Oil rises in early Asian trading, Middle East tensions remain in focus


Oil prices edged higher in early Asian trading on Tuesday, reversing losses from the previous session, as investors continued to assess the risk from geopolitical concerns in the Middle East.

Global benchmark Brent crude oil futures rose 39 cents, or 0.5 per cent, to $87.39 a barrel by 0033 GMT, while U.S. West Texas Intermediate crude futures were up 40 cents, or 0.5 per cent, to $82.30 a barrel.

Both benchmarks fell 29 cents in the previous session on signs that a recent escalation of tensions between Israel and Iran had little near-term impact on oil supplies from the region.

However, analysts noted a multitude of risks remain in the oil market. ANZ analysts highlighted U.S. approval of new sanctions on Iran's oil sector that broaden current sanctions to include foreign ports, vessels and refineries that knowingly process or ship Iranian crude.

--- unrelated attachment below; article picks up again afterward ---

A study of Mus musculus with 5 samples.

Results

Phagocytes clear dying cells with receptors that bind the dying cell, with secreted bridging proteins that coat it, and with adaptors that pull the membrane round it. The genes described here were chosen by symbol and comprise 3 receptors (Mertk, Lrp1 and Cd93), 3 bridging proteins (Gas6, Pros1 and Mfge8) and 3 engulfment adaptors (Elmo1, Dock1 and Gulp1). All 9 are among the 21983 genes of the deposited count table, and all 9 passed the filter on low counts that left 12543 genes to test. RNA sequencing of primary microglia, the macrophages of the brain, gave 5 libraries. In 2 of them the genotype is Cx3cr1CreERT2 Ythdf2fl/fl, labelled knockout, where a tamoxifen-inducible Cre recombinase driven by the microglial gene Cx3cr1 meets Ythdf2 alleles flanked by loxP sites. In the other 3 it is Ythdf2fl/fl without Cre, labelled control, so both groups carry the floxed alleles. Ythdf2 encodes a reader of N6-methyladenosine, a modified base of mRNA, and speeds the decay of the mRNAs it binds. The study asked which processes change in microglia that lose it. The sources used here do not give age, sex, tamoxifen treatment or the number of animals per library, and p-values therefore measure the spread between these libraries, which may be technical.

"The geopolitical backdrop is still very fraught with so many risks at the moment, so clearly we're going to see a lot of volatility until there's a lot more clarity around it," ANZ analysts said in a podcast.

Barclays analysts said on Monday that risks to their $90 a barrel forecast for this year's Brent prices remain skewed higher.

"The imminent threat of geopolitical risk spilling over into oil market fundamentals has largely faded, but the overall trend in that risk since October last year is concerning," the Barclays analysts said in a note.

U.S. crude oil inventories are expected to have increased last week while refined product stockpiles likely fell, according to a preliminary Reuters poll of analysts.